Research Papers:

This article has been corrected. Correction in: Oncotarget. 2018; 9:15164.

Assessing tumor molecular profiling to guide treatments for patients with advanced female genital tract malignancy

Philip Carter _, Costi Alifrangis, Biancastella Cereser, Pramodh Chandrasinghe, Lisa Del Bel Belluz, Christina Fotopoulou, Andreja Frilling, Thomas Herzog, Nina Moderau, Neha Tabassum, Jonathan Krell and Justin Stebbing



1Department of Surgery and Cancer, Imperial College, London, UK

2Department of Oncology, University College Hospital, London, UK

3Department of Surgery, University of Kelaniya, Kelaniya, Sri Lanka

4Department of Obstetrics and Gynecology, University of Cincinnati, Cincinnati, USA

5University of Cincinnati Cancer Institute, University of Cincinnati, Cincinnati, USA

Correspondence to:

Philip Carter, email: [email protected]

Keywords: tumor profiling; female genital tract malignancy; cancer treatment

Abbreviations: ER: estrogen receptor; IHC: immunohistochemistry; OS: overall survival; PR: progesterone receptor

Received: July 29, 2017     Accepted: November 14, 2017     Published: December 27, 2017


Tumor molecular profiling has enabled selection of targeted therapies in a host of solid tumors. Here we used a retrospective clinical cohort, to evaluate the benefit of tailoring treatments for female genital tract malignancy, using tumor molecular profiles. Clinical outcome data for 112 patients was retrospectively separated into two groups. These either followed a matched treatment plan that incorporated at least one drug recommended according to their tumor profile and none that were expected to have no benefit (64 patients), or was unmatched with suggested treatments and received at least one drug that was anticipated to lack benefit for that tumor (48 patients).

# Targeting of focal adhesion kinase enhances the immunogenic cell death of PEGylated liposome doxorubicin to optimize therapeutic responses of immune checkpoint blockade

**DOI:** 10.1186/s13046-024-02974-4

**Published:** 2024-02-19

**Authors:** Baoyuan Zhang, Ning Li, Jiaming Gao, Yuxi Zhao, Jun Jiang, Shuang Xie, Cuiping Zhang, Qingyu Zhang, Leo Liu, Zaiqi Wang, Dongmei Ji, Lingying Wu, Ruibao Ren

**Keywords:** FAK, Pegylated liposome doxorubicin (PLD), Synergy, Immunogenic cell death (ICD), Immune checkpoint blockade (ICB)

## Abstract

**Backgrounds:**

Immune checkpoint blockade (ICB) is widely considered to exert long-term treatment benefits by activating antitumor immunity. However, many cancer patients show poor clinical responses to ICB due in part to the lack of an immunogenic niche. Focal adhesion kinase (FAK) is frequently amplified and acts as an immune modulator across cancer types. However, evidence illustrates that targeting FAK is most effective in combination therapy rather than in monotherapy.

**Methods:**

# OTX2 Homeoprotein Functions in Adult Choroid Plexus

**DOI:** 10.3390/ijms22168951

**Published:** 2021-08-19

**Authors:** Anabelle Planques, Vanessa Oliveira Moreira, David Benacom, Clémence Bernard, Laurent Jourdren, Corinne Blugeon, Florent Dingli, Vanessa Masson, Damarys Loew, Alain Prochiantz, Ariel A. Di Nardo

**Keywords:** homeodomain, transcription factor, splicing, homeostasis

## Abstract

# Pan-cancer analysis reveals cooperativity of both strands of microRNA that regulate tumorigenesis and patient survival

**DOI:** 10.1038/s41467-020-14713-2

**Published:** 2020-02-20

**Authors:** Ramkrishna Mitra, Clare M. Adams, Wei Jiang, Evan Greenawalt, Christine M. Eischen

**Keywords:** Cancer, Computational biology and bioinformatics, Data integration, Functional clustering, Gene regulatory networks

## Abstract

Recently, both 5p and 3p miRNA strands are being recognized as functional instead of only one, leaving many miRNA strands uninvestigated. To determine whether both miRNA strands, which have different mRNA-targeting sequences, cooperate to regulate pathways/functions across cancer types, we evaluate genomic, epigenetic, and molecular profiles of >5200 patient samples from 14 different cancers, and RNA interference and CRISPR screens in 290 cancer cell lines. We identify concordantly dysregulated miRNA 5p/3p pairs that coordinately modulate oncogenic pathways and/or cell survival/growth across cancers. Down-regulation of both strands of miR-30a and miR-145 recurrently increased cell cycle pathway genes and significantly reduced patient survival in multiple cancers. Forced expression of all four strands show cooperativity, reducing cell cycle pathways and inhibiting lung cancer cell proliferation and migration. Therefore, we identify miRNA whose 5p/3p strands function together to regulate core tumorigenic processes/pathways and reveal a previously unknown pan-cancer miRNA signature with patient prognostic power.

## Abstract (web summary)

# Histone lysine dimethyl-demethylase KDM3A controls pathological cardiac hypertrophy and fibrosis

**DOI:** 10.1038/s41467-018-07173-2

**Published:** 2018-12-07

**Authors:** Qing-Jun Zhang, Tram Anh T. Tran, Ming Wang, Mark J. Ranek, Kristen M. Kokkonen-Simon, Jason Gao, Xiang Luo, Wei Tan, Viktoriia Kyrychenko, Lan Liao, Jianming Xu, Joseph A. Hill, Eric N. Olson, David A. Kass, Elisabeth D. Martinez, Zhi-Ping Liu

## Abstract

In the group of patients whose drugs matched those recommended by molecular profiling of their tumor, their overall survival was 593 days on average, compared to 449 days for patients that did not; removing drugs predicted to have no benefit from treatment regimens received after profiling increased survival by 144 days on average (P = 0.0265). In the matched treatment group, 30% of patients had died by the last time of monitoring, whereas this was 40% in the unmatched group (P = 0.2778). The IHC biomarker for the progesterone receptor was demonstrated to be prognostic for survival.